This week, the Supreme Court and the government of India both agreed to uphold the patriarchal status quo, which makes it perfectly legitimate for Indian men to force their wives, above 18 years of age, into having sex with them — an act that is otherwise commonly condemned as rape.
The apex court's view on consent is already not as progressive as it should be for a matter that goes to the heart of human dignity. By reinstating the constitutionality of Section 377 of the Indian Penal Code (IPC) in 2013, the SC, for instance, had criminalised consensual sexual intercourse between adults of the same sex. Given such a precedence, that it now considers non-consensual sex between adults within marriage par for the course should not come as a big surprise.
But the refusal to admit marital rape as a criminal offence is only one part of the problem that the SC's latest statements have brought on. For, additionally, the bench, comprising two male judges, have also decided that girls between the ages of 15 and 17 cannot claim to be victims of rape if the accused is their husband.
"There are cases when college-going teens, below 18 years of age, engage in sexual activities consensually and get booked under the law. Who is going to suffer? The boy is not at fault. The punishment of seven (for any conviction of rape) years is too harsh," the bench observed.
By making this exception to the existing law, or rather expanding the ambit of legitimate rape, the judges have upheld the supremacy of Section 375 of the IPC, which states that "sexual intercourse by a man with his own wife, the wife not being under fifteen years of age, is not rape", though the same counts as rape, "with or without her consent, when she is under sixteen years of age" and unmarried. At the same time, the bench seems to have also diluted several other laws relating to marriage and child rights in India.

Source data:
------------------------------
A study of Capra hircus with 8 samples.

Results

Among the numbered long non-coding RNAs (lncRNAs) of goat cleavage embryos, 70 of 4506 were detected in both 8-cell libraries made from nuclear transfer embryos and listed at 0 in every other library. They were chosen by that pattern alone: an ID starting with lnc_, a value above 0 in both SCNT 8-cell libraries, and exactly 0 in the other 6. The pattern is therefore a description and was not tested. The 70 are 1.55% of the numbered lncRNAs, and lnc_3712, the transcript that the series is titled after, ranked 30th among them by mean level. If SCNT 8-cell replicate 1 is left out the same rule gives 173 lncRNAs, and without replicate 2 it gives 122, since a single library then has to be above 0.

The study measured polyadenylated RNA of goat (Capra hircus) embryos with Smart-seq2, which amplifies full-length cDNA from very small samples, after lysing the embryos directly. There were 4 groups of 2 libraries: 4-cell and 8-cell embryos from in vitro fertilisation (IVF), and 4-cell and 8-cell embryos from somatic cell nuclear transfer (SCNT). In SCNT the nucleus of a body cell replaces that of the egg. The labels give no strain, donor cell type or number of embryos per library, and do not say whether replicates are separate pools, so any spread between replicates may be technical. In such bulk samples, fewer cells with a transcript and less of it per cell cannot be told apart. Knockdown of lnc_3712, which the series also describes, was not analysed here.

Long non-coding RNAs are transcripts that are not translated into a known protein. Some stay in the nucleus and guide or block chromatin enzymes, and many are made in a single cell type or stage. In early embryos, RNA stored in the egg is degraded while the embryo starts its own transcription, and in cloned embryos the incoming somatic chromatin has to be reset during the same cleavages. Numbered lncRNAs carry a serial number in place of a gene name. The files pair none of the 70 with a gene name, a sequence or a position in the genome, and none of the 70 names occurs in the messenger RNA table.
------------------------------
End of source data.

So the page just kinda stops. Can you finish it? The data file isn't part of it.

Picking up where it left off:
Indian law doesn't permit girls below the age of 18 to get married. But that doesn't stop India from having millions of child brides, who either elope to marry or voluntarily marry or are forced into marriage by their families. At this point the bench went on to say that marriage of a girl below 15 years is illegal.
According to a UNICEF report, cited by The Times of India in April, 47% of girls in India are married by the age of 18 and 18% are married by the age of 15. But a high incidence underage marriage does not make it legal, though it may be informally recognised by sections of society as being valid. Then what value does consent hold within such relationships, especially since the Child Marriage Act criminalises such unions?
Further, India's existing rape laws make even consensual relationship between men and women between the ages of 15 and 17 a cognizable offence. How does the SC's view on the legitimacy of any form of sex within marriage within this age group, with or without consent, hold any merit then?
The prosecutor for the NGO, who was arguing to raise the age of consent, also rightly pointed out the anomaly that women between 15 and 17 years of age who are not married and have consensual sex will be deemed raped, as they are considered underage according to the POCSO Act. According to the terms of POCSO, any person below the age of 18 is a child. Therefore, the notion of "consent" does not have a legal standing in their cases.
India, keen to join the global superpowers, is one of the 36 countries in the world — among Iran, Pakistan, Syria and South Sudan — which have no laws to protect women from marital rape. Now, with the SC bench lowering the acceptable marriageable age for girls, there may be fresh confusions in the interpretation and application of laws against child marriage, sexual crimes and those meant to protect women's rights.